Corona Virus or COVID-19, What does it have to do with a beer brand?
Sorry about the clickbait. Corona Virus and the beer brand Corona has nothing to do with each other what so ever. The joke is most likely that the virus and how you can contract it is to drink a Corona beer. The stupidity of it, all though moronic has taken to mainstream media and social.
So how did the Corona Virus aka COVID-19 start:
Coronavirus is widely believed to had started at what is called a “wet market” in China in the city of Wuhan. This market is known to sold both dead and live animals including fish and birds. These types of markets pose a severe risk of viruses that can jump from animals to humans because of a lack of standards. So it is difficult to pinpoint the cause because live animals are being kept and butchered on-site. In addition, they are also densely packed.
Additionally, the source animal of this latest outbreak has not yet been identified. Earlier accounts is thought that the original host is to have been bats. Bats (Bats also play host to other wide ranges of diseases including Ebola, HIV, and rabies) were not sold at this Wuhan market but may the bats may have infected live chickens or the other animals sold there.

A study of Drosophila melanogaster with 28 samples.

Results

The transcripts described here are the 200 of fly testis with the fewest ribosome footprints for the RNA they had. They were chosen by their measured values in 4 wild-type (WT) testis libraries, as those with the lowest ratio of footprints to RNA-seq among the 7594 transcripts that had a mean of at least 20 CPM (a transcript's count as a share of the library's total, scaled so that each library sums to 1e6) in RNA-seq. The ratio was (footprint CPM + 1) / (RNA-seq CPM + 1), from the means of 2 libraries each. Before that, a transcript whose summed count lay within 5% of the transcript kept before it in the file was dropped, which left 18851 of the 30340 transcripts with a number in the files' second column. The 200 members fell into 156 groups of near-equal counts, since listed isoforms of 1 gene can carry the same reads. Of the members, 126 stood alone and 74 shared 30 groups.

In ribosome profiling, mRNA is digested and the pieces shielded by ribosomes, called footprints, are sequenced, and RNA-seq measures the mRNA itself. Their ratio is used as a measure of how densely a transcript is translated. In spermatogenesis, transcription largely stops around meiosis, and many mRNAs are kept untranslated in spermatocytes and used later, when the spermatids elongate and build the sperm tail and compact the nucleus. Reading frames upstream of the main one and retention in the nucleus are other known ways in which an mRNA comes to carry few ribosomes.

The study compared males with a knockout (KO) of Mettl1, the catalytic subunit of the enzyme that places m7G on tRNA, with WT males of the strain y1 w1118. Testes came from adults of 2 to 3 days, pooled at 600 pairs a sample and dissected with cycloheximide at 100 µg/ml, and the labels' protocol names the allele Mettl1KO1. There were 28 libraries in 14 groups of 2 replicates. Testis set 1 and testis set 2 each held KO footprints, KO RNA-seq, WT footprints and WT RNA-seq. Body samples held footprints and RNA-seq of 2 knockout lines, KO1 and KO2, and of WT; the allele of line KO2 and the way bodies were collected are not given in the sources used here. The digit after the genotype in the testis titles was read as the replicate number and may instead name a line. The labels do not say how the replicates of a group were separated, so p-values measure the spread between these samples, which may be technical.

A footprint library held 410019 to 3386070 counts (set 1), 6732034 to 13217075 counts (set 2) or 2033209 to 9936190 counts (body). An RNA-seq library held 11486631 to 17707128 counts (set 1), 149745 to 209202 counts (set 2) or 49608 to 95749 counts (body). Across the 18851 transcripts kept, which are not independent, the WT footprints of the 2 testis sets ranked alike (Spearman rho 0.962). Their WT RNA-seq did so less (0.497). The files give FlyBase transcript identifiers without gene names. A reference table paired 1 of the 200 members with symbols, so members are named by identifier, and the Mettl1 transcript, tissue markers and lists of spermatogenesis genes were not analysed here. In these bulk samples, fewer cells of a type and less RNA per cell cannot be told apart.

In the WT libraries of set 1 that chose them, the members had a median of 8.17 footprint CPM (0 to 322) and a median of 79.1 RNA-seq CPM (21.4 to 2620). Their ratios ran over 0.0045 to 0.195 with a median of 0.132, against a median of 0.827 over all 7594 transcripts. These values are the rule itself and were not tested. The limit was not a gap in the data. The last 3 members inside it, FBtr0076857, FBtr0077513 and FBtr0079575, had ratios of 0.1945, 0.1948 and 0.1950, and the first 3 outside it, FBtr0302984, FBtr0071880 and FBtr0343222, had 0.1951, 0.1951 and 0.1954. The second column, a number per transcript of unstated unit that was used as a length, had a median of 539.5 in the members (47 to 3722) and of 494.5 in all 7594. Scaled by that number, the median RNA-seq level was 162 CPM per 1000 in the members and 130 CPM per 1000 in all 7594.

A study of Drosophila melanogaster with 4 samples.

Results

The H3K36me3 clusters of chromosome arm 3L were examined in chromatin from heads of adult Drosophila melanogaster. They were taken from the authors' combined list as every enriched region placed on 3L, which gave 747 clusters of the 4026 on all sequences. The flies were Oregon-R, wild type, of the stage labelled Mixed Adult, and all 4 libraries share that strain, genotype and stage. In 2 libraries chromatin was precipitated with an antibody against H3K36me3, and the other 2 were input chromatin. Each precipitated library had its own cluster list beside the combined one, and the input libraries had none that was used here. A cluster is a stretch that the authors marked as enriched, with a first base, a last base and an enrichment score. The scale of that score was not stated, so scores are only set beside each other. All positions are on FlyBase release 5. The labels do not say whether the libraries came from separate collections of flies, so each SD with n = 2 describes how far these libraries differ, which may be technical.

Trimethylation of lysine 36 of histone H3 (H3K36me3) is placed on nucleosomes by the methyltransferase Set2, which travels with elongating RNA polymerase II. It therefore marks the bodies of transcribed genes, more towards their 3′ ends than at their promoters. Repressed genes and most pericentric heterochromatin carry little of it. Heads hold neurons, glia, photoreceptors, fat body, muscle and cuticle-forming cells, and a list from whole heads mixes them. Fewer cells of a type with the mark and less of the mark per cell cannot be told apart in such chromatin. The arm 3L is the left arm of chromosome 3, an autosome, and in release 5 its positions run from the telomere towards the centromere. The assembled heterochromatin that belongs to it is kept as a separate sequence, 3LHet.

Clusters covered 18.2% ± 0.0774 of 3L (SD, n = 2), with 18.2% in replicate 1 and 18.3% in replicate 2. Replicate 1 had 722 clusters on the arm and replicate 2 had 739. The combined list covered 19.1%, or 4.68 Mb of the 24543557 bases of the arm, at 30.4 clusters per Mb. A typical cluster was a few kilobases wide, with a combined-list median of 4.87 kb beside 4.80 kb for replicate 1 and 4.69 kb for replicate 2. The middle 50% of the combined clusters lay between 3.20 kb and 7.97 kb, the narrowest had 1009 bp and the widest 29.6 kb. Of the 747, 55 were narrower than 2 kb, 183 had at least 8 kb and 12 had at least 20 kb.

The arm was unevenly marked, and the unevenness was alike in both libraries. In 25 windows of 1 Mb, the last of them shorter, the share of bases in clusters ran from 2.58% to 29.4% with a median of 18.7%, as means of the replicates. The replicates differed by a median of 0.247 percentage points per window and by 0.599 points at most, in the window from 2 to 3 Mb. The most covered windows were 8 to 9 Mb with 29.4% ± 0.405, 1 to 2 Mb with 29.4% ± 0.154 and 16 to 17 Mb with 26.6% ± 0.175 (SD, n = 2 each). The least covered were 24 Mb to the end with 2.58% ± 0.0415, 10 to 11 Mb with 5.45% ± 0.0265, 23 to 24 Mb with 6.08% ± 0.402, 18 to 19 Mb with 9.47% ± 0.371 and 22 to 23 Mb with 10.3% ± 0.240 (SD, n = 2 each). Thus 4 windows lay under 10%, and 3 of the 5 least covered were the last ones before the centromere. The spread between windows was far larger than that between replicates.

Coronavirus and the Beer? Misinformation banks? Where did that come from?
The parent company that makes Corona, Constellation Brands (), which brews several other variations of the popular lager, said in a statement that its customers “understand there is no link between the virus and our business.” Multiple surveys that have been conducted show that Corona’s brand had been suffering from negative misinformation.
What are the symptoms of COVID-19?
COVID-19 symptoms may include the following:
- Shortness of breath
In some rare cases, COVID-19 can lead to severe respiratory problems, kidney failure or death.
If you have a fever or any kind of respiratory difficulties such as coughing or shortness of breath, call your doctor or a health care provider and explain your symptoms over the phone before going to the doctor’s office, urgent care facility or emergency room. If you have a medical emergency, call 911 and let them know about your symptoms and recent travel history (see example below).
For example: Over the phone, be sure to tell them if you have traveled outside the country in the last 14 days, particularly to countries affected by COVID-19 (currently China, Iran, Italy, Japan, and South Korea). Also, be sure to tell them if you suspect you have been close (within 6 feet) of someone who has COVID-19 for an extended period. Your health care provider or the emergency room team will recommend the next steps.
For updates, see the Centers for Disease Control and Prevention (CDC).